Using U.S. Census Bureau data, the Los Angeles Times reported last week that net migration from April 2020 to July 2022 was a 699,904-person loss for California as that many more moved out than moved in. That’s a loss greater than the population of the entire state of Vermont. (CalMatters says the net loss of “out-of-staters coming in and Californians leaving” is 871,127, a number higher than the population of the entire state of North Dakota.) When births and deaths are figured in, the state lost 508,903 residents from its previous population total. Only New York’s population dropped harder over the same measured time span, falling by 524,079.
Meanwhile, Texas and Florida, Gov. Gavin Newsom’s favorite states other than his own, both saw their net migrations and overall populations grow significantly.
The Times blamed California’s losses partly on the “COVID-19 pandemic pushing even more people to move to other parts of the country,” which is a sense correct. But it wasn’t the virus so much as it was policymakers’ radical, liberty-crushing response to the outbreak that accelerated the outflow. Humans – yes, this includes Californians – not just the tired, the poor, and the huddled masses, yearn to breathe free, not through a mask nor banished to their homes.
Also blamed by the Times are high housing costs, crime, as well as “long commutes and the crowds,” and “pollution in the larger urban centers.”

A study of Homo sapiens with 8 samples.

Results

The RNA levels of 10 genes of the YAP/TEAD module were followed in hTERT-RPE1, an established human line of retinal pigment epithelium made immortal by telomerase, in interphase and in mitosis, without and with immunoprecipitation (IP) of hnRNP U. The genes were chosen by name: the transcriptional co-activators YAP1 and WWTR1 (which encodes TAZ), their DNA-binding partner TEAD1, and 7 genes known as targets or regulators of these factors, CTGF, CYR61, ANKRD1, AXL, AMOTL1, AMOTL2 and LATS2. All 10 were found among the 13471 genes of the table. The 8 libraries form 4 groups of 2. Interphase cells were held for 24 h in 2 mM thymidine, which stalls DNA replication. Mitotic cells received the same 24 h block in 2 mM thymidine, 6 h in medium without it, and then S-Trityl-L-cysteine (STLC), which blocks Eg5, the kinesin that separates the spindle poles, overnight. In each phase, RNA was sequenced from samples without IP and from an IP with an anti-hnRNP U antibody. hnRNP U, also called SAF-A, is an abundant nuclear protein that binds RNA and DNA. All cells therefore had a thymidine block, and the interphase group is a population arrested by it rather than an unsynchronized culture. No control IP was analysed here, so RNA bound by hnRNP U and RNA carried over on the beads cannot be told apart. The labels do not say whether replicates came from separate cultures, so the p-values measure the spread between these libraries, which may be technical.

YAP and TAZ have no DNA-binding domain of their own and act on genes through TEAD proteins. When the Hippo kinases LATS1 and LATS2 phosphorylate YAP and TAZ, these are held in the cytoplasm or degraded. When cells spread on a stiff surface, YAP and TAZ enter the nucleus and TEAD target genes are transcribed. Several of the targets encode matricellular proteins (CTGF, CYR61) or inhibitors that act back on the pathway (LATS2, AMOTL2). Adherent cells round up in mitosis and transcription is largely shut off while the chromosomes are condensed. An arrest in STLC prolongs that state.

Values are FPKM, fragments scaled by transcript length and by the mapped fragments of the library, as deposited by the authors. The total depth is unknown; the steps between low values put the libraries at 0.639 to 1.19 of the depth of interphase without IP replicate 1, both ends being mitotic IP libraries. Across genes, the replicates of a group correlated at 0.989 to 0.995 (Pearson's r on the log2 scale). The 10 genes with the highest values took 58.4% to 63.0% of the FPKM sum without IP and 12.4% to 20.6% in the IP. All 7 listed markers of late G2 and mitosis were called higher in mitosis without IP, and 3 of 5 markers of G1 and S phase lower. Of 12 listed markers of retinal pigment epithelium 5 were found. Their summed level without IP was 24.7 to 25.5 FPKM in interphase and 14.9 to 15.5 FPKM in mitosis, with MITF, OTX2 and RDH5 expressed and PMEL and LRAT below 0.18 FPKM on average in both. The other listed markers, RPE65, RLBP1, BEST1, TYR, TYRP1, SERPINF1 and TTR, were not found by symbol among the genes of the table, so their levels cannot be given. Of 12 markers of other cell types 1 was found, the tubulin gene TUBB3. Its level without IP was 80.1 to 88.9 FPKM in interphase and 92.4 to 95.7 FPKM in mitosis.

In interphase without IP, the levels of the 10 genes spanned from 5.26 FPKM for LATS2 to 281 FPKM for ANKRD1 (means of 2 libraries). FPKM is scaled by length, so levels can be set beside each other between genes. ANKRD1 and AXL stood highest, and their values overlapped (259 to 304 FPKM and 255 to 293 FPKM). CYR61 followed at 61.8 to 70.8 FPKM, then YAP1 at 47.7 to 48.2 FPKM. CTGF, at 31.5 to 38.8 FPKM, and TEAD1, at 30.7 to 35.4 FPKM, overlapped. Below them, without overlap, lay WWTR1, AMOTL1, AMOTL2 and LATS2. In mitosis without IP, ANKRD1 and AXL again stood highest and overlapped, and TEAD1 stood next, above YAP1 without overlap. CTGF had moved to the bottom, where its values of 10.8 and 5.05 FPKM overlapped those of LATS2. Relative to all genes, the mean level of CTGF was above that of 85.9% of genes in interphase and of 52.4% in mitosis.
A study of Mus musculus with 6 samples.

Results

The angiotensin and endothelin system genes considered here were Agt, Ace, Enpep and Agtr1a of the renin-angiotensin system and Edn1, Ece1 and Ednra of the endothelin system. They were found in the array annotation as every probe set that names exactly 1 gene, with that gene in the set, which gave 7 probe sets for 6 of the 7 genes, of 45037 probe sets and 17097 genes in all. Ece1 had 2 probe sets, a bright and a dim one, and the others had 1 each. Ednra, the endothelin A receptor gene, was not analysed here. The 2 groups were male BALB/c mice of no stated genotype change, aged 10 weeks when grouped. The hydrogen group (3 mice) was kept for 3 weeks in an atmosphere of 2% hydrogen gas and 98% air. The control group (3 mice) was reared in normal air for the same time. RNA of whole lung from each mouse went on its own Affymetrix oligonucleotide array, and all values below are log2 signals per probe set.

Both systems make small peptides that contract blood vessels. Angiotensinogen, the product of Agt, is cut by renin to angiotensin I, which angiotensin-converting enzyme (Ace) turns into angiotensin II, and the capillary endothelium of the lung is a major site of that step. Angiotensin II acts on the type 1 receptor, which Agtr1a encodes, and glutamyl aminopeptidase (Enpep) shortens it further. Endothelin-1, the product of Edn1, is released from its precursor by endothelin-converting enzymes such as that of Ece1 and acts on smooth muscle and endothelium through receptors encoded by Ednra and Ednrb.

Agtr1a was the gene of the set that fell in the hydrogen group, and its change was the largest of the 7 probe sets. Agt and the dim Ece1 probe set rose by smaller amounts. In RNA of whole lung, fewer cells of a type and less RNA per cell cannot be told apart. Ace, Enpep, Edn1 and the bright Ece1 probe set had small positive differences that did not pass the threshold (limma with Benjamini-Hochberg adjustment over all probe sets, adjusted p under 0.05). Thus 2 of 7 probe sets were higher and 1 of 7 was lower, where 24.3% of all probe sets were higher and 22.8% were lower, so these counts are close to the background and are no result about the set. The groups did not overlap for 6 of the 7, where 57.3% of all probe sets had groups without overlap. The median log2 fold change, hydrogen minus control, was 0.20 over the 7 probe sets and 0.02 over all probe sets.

To that we’d add the marginal highest income tax rate in the country, heavy sales taxes, outrageously expensive fossil fuels, a nasty attitude from policymakers toward businesses, homelessness, man-made drought, man-allowed wildfires, an almost certain future of power blackouts, and a crushing cost of living.
For decades millions have been willing to pay the “California premium,” in which they accept the above liabilities in exchange for higher-than-average incomes, and other California benefits such as top-ranked universities, and even weather and natural beauty.
The financial benefits of the California Premium, however, are a phantom. Because of steep taxes and housing costs, the California Premium is in reality a net loss of nearly 20%. That’s a tradeoff that many can’t afford to make.
Though it might sound like a banality, “people voting with their feet” is an indisputable truth. The accelerated flight from California confirms it. People and businesses are weary of unfriendly and sometimes outright adversarial policies.
Will it force policymakers to change their voting habits? That’s a hard call to make, because they are not only voting from the foundation of set-long-ago routines, they seem to enjoy what they’re doing to the state.
Kerry Jackson is a fellow with the Center for California Reform at the Pacific Research Institute.